Why I Schedule Devotional Work

Executive dysfunction sucks.

You can spend the entire day working and yet get nothing done. Either you work doggedly with no progress on a singular thing you keep drifting away from, or you get literally everything else done, but with nothing crossed off your actual to-do list to make you feel accomplished despite your clean house.

Case in point, while writing this post I made dinner, emptied the dish rack, painted my nails and then saw my post outline and kicked myself.

And then kept painting my nails, while being upset with myself, as if this was going to change anything.

I was diagnosed pretty early in the game with ADHD. If not much else, it helped me sit with that information long enough that I’m able to be at least a little self-compassionate about it.

However, this doesn’t stop me from getting frustrated if I’ve taken the steps to prevent getting sidetracked, and if I’ve tried to be disciplined (though I’ve got some contrarian ideas about discipline), and I still haven’t achieved what seems like it should be a simple task. Or, if I’ve wasted time trying to finish that task at the expense of other things I could have done.

If left to my own devices, I am not very good at figuring out how the Important/Urgent/Not Important/Not Urgent matrix looks with my life neatly sorted into it. I know perfectly well that “I don’t have to write that down, I’ll remember it” is a ridiculous lie, and I do it anyway. I spend more time overthinking how to optimize daily tasks instead of just getting them done.

Overthinking, for the record, is neither important nor urgent. But my anxiety doesn’t agree, and my ADHD means I don’t catch it and redirect like I ideally would.

The overlapping brain problems are definitely a factor in my struggle to get things done.

I have a limited tolerance for things being out of place in communal areas, I am constantly forgetful and easily sidetracked, and I have to strike a balance between compensating for that forgetfulness and learning to just leave things alone so I don’t start developing new compulsions. Everything from remembering to put lip balm in my pockets before leaving the house to keeping up with dishes to somehow singlehandedly halting the climate crisis (…well) feels equally pressing without a set schedule.

Overwhelm is immanent without structure. It’s also immanent if there’s too much of it.

When I see people share what their devotional practice looks like, the visible and easy to spot examples are often on a spontaneous basis, spurred by ecstatic experience or spiritual contact, or scheduled daily devotionals.

Logically, there’s a quiet spectrum between these two. A blend of spontaneous and regimented. Something more frequent than getting god-poked, and less frequent than a daily task.

But I don’t hear about them very often. Again, an abundance of logical explanations exist. Whatever is more common kind of goes without saying. We don’t announce every trip to the grocery store, or every time we hit the ATM, or every trip to go fetch the mail. They don’t stand out. So what isn’t typical is going to stand out when we talk about it online.

But that does have an effect on people. Media, which absolutely includes social media, influences and helps shape our concepts of what is normal.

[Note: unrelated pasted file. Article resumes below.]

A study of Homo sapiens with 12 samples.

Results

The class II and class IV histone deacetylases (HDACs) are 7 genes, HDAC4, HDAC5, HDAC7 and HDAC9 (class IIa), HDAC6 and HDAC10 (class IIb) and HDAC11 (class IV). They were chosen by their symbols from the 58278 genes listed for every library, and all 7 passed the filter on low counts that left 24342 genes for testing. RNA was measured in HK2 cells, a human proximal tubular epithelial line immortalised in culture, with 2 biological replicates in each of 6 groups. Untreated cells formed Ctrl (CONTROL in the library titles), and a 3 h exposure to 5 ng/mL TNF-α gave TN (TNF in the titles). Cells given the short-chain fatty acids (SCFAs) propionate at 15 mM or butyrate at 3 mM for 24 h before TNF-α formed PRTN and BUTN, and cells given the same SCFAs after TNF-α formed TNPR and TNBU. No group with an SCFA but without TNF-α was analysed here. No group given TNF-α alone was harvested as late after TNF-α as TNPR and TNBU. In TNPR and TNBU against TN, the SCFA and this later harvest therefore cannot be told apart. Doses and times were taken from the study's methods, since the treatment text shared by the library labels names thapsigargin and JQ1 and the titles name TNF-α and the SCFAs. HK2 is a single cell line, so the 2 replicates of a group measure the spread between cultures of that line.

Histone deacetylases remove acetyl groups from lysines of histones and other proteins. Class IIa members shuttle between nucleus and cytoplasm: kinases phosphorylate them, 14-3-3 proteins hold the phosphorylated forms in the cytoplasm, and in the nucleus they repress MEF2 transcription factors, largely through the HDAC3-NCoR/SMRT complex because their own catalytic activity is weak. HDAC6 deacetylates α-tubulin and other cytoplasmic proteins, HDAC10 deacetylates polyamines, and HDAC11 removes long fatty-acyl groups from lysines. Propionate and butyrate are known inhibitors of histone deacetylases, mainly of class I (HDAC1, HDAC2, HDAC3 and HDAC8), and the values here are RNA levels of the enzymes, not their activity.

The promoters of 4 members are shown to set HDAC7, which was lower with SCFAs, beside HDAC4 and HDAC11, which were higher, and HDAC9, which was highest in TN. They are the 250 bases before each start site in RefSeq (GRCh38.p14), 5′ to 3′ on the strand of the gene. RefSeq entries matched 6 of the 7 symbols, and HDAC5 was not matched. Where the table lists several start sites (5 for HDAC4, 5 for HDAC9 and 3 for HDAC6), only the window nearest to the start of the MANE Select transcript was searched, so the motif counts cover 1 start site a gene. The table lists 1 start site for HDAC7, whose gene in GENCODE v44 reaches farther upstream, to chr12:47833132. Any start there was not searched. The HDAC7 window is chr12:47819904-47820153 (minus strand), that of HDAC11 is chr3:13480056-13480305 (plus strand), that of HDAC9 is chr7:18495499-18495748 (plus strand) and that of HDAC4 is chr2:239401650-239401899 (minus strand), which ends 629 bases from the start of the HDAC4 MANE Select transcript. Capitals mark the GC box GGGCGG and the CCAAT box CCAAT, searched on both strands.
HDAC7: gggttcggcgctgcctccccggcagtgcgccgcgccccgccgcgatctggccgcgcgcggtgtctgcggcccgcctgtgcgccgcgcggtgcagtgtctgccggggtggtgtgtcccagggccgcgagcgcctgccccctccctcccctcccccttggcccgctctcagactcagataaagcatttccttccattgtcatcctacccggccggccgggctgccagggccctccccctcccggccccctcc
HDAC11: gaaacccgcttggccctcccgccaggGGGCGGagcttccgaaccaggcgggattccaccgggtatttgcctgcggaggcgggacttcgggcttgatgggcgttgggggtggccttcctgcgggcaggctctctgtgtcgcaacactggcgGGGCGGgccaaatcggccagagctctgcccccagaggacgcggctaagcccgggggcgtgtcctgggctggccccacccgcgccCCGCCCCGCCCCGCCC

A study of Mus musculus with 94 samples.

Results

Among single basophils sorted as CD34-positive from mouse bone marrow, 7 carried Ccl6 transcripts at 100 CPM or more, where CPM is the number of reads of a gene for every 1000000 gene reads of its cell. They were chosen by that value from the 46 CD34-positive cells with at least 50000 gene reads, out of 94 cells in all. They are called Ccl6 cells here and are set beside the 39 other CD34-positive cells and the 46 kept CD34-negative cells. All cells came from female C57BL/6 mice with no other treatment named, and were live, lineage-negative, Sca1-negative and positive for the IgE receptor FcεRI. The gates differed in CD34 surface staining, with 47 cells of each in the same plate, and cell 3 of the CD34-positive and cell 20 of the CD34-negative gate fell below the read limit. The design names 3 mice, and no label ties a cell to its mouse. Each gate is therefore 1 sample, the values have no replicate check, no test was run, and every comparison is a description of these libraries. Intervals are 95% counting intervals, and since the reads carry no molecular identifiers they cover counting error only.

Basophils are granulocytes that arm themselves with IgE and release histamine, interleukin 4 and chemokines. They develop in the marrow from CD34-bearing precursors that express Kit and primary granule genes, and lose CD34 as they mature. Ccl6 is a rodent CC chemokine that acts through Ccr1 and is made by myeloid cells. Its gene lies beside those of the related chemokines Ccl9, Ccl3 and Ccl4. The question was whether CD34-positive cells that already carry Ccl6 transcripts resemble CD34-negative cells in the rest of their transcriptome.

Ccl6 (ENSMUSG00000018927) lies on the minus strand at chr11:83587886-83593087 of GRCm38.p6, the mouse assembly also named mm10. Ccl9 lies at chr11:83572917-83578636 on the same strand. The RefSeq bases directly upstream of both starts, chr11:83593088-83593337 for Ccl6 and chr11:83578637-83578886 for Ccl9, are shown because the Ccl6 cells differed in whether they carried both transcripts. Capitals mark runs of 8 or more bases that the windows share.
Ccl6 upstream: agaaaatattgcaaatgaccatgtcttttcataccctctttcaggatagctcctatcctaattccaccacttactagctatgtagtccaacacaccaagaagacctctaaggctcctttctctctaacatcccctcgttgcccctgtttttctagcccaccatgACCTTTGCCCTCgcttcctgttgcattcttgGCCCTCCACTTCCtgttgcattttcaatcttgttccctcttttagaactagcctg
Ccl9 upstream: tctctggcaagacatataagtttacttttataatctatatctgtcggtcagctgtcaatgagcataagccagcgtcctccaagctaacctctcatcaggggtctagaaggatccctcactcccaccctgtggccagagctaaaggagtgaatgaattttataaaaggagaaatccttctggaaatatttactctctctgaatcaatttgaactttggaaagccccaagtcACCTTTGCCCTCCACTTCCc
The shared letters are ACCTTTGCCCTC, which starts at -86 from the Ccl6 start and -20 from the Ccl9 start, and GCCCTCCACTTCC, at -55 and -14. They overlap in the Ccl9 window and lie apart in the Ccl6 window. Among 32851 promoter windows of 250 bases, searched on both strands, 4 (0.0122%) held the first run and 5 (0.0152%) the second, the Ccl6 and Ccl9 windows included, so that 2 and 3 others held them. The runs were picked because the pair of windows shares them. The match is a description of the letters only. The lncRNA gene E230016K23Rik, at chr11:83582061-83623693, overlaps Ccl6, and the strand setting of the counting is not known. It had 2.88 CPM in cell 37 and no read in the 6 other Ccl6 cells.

As someone who ended up being a lot more blockheaded than I initially thought when I started doing the whole Heathenry thing, and as someone who has never considered myself particularly good at getting things done, sometimes it does get to me. Hitting the 5-year mark of starting to work with Loki back in September 2017, I felt like I wasn’t doing enough. That absolutely influenced the decision to formally create an obligation, because when asked about my motivations, my answer is almost always, “to light a fire under my ass.”

Which was true! I had these big lofty goals of turning my religious values and practices towards making the world suck less, like ritual protest and prison ministry. I had sat down and laid out all of the steps involved in making this happen. And then I proceeded to get nothing but networking done.

And while projects are often a weak spot, I also really just can not do daily devotionals considering how often I forget very basic things like eating something, anything, before dinner. So daily or weekly tasks were out of the question. I touched on this, though not in great detail, in my post on things to consider before making sworn agreements with gods.

So when I made my pledge, I agreed to both projects and a few regular tasks. One of them was altar cleaning at least once a month. Didn’t matter when in the month. Didn’t matter how many times in the month. The frequency just had to be greater than zero. In practice, that often means moot day is altar-cleaning day, or during months I don’t go to moot it ends up being the very last day of the month.

I do, very often, put it off and then scramble. Just like with writing fortnightly blog posts.

But, having something where the obligation only exists once every few weeks means I have predictable boundaries around when I actually have to do something, and therefore have an easier time prioritizing. I am not constantly carrying a running list of tasks in my head, or spewing it into Workflowy and then trying to figure out how to sort tasks into their larger projects, or what to pull for my daily to-do list.

Rather, it becomes “this is the task, this is the deadline.” There is much less room for overwhelm.